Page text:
Henri Christophe: The Slave Who Became A King In Haiti
Henri Christophe who is one of the most admired heroes of Haiti, (6 October 1767 – 8 October 1820) was a former slave and key leader in the Haitian Revolution, which succeeded in gaining independence from France in 1804. In 1805 he took part under Jean-Jacques Dessalines in the invasion of Santo Domingo (now Dominican Republic) against French forces, and was documented as killing hundreds of Dominicans, including prisoners.
In this article written by Forgotten Newmakers
Henri Christophe learned everything he knew from experience. A Negro born into a slave family on the island of Grenada, he never went to school and was illiterate his whole life. His life’s purpose was to eradicate slavery and build Haiti into a strong country, and the slave boy who would be king took seriously the power and perks that came with the job. Christophe was a rambunctious kid. At age seven the plantation owner turned his unchanneled energy into profit when he sold the boy to a Negro mason as an apprentice. Christophe ran away from his master and stowed away on a boat bound for the island of Saint Domingue (now Haiti). At age twelve, Christophe ended up the servant of a French naval officer, hired to oil his boots and serve his meals. This job took him north to America where Christophe fought with the French in the Siege of Savannah before returning to Haiti where he was again sold to a free Negro who owned a hotel. The ambitious young man moved up from stable boy to cook, waiter and billiard marker. He saved enough money to buy his freedom. When Christophe was 26 years old he married the boss’s daughter, Marie Louise, who was only 15. They had two sons and two daughters.
FIGHTING FOR FREEDOM: The Spanish, French and English all had interests in the island, and the slaves were rebelling for their freedom. Black General Toussaint Louverture led the army to claim their emancipation. Christophe volunteered to fight with Toussaint and showed early leadership skills. Seven years later, Toussaint, had driven the Spanish back to their side of the island and defeated the British. He designated himself the Governor-General and appointed a trio of successors: Christophe as general and military governor, Jean-Jacques Dessalines as a provincial governor, and Alexandre Sabès Pétion (a mulatto), who ended up in the south. Toussaint, seeing an opportunity for independence, set up a government without asking permission of Napoleon Bonaparte, which prompted Napoleon to send an expedition to the island to reestablish French dominion. The captain of the French expedition was Charles LeClerc, and he insisted on negotiating directly with Toussaint. While LeClerc waited on the ship, his emissary went ashore and was insulted when he was met by the second in command, Christophe. Thinking a black, former slave could be easily persuaded, LeClerc offered Christophe many honors if he would turn over the town of Cap François before Toussaint arrived. Christophe was insulted by the insinuation that he would betray his commander. And, there was the underlying fear that one objective of the French mission was to reinstate slavery.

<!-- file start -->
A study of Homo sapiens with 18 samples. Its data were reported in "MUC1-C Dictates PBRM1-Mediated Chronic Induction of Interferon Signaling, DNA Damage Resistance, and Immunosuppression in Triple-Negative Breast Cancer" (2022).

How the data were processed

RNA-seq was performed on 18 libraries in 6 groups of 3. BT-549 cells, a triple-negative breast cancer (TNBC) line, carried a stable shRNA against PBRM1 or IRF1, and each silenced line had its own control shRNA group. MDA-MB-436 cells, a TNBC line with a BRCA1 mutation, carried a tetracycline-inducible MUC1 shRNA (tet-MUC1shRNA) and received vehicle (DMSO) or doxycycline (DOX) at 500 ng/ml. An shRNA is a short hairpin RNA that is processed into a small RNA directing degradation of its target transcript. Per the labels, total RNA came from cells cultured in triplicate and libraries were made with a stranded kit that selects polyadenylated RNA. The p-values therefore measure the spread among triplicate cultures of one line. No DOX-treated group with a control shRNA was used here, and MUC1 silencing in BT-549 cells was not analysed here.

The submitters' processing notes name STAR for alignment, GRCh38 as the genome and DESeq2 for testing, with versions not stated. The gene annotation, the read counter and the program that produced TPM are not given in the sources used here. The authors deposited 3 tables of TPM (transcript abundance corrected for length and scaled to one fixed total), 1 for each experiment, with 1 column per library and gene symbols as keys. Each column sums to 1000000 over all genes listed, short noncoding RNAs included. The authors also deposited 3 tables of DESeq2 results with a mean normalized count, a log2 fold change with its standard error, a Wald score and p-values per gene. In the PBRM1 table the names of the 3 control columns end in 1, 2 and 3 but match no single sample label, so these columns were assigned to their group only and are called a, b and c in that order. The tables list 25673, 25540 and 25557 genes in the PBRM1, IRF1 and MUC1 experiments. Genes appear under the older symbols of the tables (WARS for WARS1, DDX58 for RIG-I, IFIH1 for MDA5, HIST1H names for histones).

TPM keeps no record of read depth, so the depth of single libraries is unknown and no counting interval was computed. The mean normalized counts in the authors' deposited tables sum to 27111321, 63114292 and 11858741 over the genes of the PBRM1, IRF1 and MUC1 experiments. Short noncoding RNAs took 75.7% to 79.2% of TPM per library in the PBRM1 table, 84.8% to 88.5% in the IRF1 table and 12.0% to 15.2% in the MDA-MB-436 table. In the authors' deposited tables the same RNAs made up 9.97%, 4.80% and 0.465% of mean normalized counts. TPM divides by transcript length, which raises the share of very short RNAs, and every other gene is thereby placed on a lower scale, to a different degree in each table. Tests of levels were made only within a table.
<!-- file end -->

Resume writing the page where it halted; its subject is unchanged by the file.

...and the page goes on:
The messenger delivered Christophe’s message to his boss, and Christophe vowed to his commander and his countrymen that if LeClerc came ashore, there would not be any town for him to claim because Christophe would personally see to it that it would be burned. LeClerc sent Christophe a letter warning that 15,000 soldiers would disembark at dawn if Christophe did not capitulate. Christophe’s response reiterated his loyalty to the chain of command. Since he was illiterate, the content of his letter was dictated, but Christophe was able to sign his name.After one more written attempt to resolve the situation, LeClerc made good on his threat, and Christophe made good on his promise. Despite the pleas of the townspeople of Cap François not to destroy their homes, while the French soldiers stormed the shore, Christophe torched the city, starting with his own house.
Now Haiti was at war with France, and eventually the Haitians were overwhelmed by the French. Christophe, on behalf of Toussaint, was willing to negotiate. The sticking point was slavery, and LeClerc, speaking for Napoleon, agreed to let every person be free. Finally an agreement was reached with the stipulation that Toussaint retire to his plantation. He did so, but LeClerc had reason to believe that he was planning another uprising, so Toussaint was arrested and exiled to France with his family. When LeClerc died of yellow fever, the black and mulatto leaders agreed to submit to the command of Jean-Jacques Dessalines who led them to freedom. On January 1, 1804 they declared independence and Saint Domingue officially became Haiti. The mulattos in the south did not accept being ruled by blacks. They rebelled and assassinated Dessalines. A national assembly was quickly organized to elect the next leader, and it was between Christophe and Pétion. In a gesture of reconciliation, Christophe, age 40, was elected, if somewhat grudgingly, as President of Haiti for four years, residing in the north.